Boston needs ranked choice voting

City Council should start the process of reforming elections for the better

I RECENTLY VISITED a youth summer program organized by Ranked Choice Boston, a new coalition aiming to bring ranked choice voting to the City of Boston’s elections. The campaign officially kicks off August 16 with the goal of convincing the City Council to pass a home rule petition adopting RCV in 2024.

The students and I didn’t need to look far to figure out why RCV would be beneficial to Bostonians. We met in Dorchester’s Little Saigon neighborhood, which sits in City Council District 3, represented by Frank Baker. Baker was elected in 2011 in a runoff election following the preliminary election which was rife with possibilities for vote-splitting and spoilers and might have undeservedly sent Baker and his opponent to the runoff.

This is one of the dangers of plurality (or first-past-the-post or winner-take-all) voting, the familiar system where voters simply select their top choice. It takes so little information from the voters that it is blind to any nuance in their preferences, and the method’s mistaken view of the will of the people can easily propagate to the runoff round.

The 2021 Boston mayoral election was historic, with 95 percent of voters casting their ballots for a woman of color in the preliminary for the city’s highest office. But even this contest could not escape plurality’s systemic flaws. It is likely that Andrea Campbell and Kim Janey, two Black women candidates, split the vote, meaning that each of them was possibly more deserving of a spot in the runoff than Annissa Essaibi George. If Campbell or Janey made it to the runoff, the general election would have reflected the preference of more voters, providing a healthy and competitive challenge that no doubt both Michelle Wu and the city’s electorate would have welcomed.

The peril is even more glaring in the elections of the four at-large Boston City Council members. All Boston voters select up to four names out of the pool of candidates. With this procedure, a contingent of voters can force all the winners to be candidates of their choosing. Such was recently the case in Lowell, where Asian and Latino residents were shut out of representation on the City Council and the School Committee because of bloc voting by white voters. (Following a 2017 lawsuit, Lowell changed the way it conducts its elections.)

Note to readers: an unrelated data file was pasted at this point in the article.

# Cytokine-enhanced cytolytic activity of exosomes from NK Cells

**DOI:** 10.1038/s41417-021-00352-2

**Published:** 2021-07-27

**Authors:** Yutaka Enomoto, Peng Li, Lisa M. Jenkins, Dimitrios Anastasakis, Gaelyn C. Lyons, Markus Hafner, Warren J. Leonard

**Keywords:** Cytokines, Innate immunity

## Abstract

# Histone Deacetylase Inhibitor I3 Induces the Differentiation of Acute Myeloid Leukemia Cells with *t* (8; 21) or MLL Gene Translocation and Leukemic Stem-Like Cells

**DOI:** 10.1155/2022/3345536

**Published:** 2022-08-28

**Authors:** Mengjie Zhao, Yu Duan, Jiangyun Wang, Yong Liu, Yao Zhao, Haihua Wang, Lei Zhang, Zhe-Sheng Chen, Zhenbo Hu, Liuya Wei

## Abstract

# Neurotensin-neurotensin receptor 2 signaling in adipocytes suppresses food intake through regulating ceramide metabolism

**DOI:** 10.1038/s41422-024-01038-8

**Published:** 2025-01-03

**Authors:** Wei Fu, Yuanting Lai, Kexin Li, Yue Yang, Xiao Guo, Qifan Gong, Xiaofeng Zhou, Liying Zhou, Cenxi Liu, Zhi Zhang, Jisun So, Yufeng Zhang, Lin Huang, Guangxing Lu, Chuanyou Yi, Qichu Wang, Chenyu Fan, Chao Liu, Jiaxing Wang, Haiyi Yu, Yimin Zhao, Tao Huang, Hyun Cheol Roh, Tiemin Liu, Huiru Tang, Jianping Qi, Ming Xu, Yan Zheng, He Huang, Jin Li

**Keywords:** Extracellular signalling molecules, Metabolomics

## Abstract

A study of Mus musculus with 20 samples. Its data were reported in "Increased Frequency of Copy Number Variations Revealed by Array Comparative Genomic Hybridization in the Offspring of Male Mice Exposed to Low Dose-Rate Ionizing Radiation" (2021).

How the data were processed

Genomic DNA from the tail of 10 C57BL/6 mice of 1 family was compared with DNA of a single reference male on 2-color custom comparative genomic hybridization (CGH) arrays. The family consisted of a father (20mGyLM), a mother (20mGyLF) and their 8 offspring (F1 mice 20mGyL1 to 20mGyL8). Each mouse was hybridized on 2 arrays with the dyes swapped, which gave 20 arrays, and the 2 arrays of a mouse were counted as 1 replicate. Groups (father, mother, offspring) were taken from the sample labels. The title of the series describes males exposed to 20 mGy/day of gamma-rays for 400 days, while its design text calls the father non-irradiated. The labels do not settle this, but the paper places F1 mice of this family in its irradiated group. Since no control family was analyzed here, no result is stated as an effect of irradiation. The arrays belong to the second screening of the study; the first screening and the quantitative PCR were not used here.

Frank Baker, who has been representing District 3 since 2011, easily won all his reelection bids (several of which were uncontested). Such cushy incumbency victories are also symptomatic of plurality’s flaws. The bar for unseating someone with name recognition and an established campaign and political network is dauntingly high and few attempt to reach it. The reigning status quo’s first victims are a diversity of opinion and political engagement.

RCV can solve these problems. Voters rank as many choices as they want. If there is no majority winner, the candidate with the least number of first place votes is eliminated and their votes are transferred to the next choice on each ballot. The process continues until there is a majority winner, capturing the intention of the electorate in a much more comprehensive way than plurality. The mathematical principle at hand is simple – with more information taken from the voters, the algorithm can better tease out the subtleties of the election.

RCV eliminates vote-splitting and spoilers. It prevents “wasted votes”; everyone can rank their favorite freely because, even if their top choice is eliminated, the ranked ballot will continue to contribute with the subsequent selections.

The method also eliminates the need for the costly, lower-turnout runoff elections since it conducts an automated series of runoffs among the candidates still standing after each elimination round (this is why RCV is also called instant runoff). A version of RCV for multi-winner elections (aka proportional ranked choice or single transferable vote), such as the election of Boston’s at-large councilors, prevents bloc voting and ensures that the benefits or RCV carry over into that setting.

Over the last year, the beleaguered Boston City Council had been squabbling over redistricting, providing a distressing reminder of the city’s economic and racial divisions. Adopting RCV would not only improve the Council’s image but would ensure that this body is representative and as diverse as the Boston residents it speaks for.

RCV’s implementation in Boston is within reach. Mayor Wu had in the past indicated support for it, as have 62 percent of Boston voters during the failed 2020 statewide RCV ballot question effort. Reflecting on that campaign, the students in the summer program agreed that, had the pandemic not forestalled the ability to educate Massachusetts voters about the benefits of RCV, things would have turned out very differently. After all, they told me, once they learned about how RCV works, they had no doubt that this was the way to go. Let’s hope the Boston City Council agrees.

Ismar Volić is a professor of mathematics at Wellesley College and the director of the Institute for Mathematics and Democracy. His book Making Democracy Count: How Mathematics Improves Voting, Electoral Maps, and Representation will be published in March 2024.